A healthy lifestyle blog by ACE Certified Group Exercise Trainer.

Ask a Trainer: Should you workout if you're sore?

A question I get from many clients....should I workout if I'm super sore? Is there anything I can do to lessen the soreness or prevent the soreness?

For many, some delayed onset muscle soreness (soreness that occurs 24-72 hours after a workout) is a welcome sign that you exercised intensely and even considered a "badge of honor" for some. It's your body's way of repairing and building muscle and recovering. It's totally OK to workout while sore, but here are some general guidelines.

What to do if you're sore.

My advice if you are already sore from a previous workout - you may engage in light to moderate steady-state cardio (walking, jogging, dancing, yoga etc.) or light to moderate strength training, as long as you aren't experiencing severe pain. Muscle soreness typically begins to fade when you start moving the muscles during light cardio. If pain increases, stop immediately. Don't do any HIIT training or sprinting or heavy lifting if you are super sore. For example, if your legs are very sore from an intense barre class, don't do any leg-focused work the day or two after, but instead go for a walk or light jog, do gentle yoga, or upper body exercises.

However, I always encourage you to listen to your body. If you are just so tired and fatigued from a previous day's workout, take a rest day. There's no harm in that! It's typically recommended to avoid taking more than three days off in a row from some form of exercising (unless you have an illness or medical problem).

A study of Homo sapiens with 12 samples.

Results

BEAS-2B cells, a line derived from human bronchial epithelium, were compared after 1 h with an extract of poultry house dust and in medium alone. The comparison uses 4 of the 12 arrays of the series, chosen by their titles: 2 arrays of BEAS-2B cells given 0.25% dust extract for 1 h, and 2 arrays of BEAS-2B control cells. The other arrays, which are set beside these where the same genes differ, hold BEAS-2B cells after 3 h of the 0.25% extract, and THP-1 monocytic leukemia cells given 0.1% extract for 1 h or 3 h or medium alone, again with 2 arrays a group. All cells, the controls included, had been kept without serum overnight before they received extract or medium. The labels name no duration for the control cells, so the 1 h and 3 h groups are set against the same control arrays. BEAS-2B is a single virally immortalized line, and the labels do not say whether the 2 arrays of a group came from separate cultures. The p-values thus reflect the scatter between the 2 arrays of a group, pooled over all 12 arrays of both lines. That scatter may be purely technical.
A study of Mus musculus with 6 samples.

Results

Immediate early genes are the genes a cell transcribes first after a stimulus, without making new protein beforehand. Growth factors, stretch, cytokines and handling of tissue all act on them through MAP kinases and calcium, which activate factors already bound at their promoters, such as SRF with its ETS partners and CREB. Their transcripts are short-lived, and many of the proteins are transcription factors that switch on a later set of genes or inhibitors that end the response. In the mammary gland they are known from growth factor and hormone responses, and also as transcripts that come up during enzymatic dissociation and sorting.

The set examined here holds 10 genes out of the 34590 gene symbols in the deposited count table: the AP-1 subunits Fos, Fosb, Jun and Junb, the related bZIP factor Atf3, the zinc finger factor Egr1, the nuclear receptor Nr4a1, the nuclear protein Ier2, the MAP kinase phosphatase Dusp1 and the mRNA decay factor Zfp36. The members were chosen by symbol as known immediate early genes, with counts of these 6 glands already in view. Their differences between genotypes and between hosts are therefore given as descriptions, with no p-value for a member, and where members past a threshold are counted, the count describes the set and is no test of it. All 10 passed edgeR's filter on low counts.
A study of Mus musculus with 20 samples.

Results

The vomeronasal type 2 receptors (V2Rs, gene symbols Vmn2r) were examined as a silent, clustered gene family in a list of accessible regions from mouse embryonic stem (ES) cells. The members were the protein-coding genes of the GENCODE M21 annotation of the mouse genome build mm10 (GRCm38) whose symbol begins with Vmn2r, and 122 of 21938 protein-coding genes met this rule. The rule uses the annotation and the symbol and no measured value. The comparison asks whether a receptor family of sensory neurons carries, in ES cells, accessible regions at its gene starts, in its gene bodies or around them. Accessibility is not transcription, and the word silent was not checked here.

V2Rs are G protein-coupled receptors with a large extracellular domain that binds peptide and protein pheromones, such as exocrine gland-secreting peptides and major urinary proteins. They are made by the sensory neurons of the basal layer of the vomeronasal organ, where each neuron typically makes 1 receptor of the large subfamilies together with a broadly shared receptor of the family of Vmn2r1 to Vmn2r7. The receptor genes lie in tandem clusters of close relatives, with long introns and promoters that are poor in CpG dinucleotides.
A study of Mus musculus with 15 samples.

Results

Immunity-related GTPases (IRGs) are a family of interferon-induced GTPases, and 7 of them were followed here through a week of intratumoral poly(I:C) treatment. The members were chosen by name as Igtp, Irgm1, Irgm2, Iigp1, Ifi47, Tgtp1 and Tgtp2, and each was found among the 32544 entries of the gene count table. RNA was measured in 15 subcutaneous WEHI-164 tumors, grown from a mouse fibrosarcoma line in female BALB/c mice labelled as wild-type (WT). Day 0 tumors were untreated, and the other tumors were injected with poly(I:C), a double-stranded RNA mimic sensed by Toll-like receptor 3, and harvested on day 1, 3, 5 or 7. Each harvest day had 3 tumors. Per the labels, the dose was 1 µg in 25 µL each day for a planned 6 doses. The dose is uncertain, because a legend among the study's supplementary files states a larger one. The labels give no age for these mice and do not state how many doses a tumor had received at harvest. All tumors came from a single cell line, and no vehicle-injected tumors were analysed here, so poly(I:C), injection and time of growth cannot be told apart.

Mitigating soreness.

If you are already sore, the best thing for you to do is to avoid sitting for long periods of time. Sitting can stiffen the muscles and intensify the feelings of soreness. Getting up frequently to walk, helps a lot. Drinking plenty of fluids also helps in muscle repair. Some folks find an over-the-counter anti-inflammatory like Advil helps, or topical muscle creams like Bengay, and even applying heat to the sore area. Foam rolling involves using a foam roller or tennis ball and rubbing your sore muscle on the device to work out the knots and tissues. This is painful, but extremely effective. You can find tons of foam rolling videos and how-to's on YouTube. These are all effective methods to lessening the intensity or duration of muscle soreness.

Can I prevent soreness?

There are a few ways you can try to prevent or lessen soreness. The best way is to do a cardio warm up prior to working out. Have you heard the old analogy that cold taffy breaks, but warm taffy bends? Same thing with muscles. Warm muscles that are properly warmed up are less likely to get injured.

We also tend to get sore when we are working muscles in a way we haven't done in awhile. I am always amazed when I start out an 8-week Tabata program because I ALWAYS get sore the first week. Every. Single. Time. I've taught it about 6 times the past two years! And I always exercise between 8 week programs, so it's not like I completely stop exercising. But because my body isn't used to doing those specific exercises, in those specific orders, I usually get sore from the first week of class and after that, my body adapts and I don't get sore anymore.

Nutrition is also a big key. Pre-workout, you should have a serving of carbs/protein an hour or two prior to working out to fuel muscle tissues. Post-workout, it's very important that you get a ratio of 2 carbs to 1 protein, 30 minutes to an hour after working out. If you wait to eat longer than an hour, the benefits diminish. Eating after a workout helps your body repair muscles. Staying properly hydrated helps as well. But it's important to note that nutrition does not always completely prevent soreness.

Muscle Soreness Versus Muscle Pain.

There's a big difference between being sore and having an injury causing pain. Many beginners to exercise don't know the difference. Here's a handy table I found at MoveForwardPT.com. If you feel you may have an injury, it's important to see a doctor.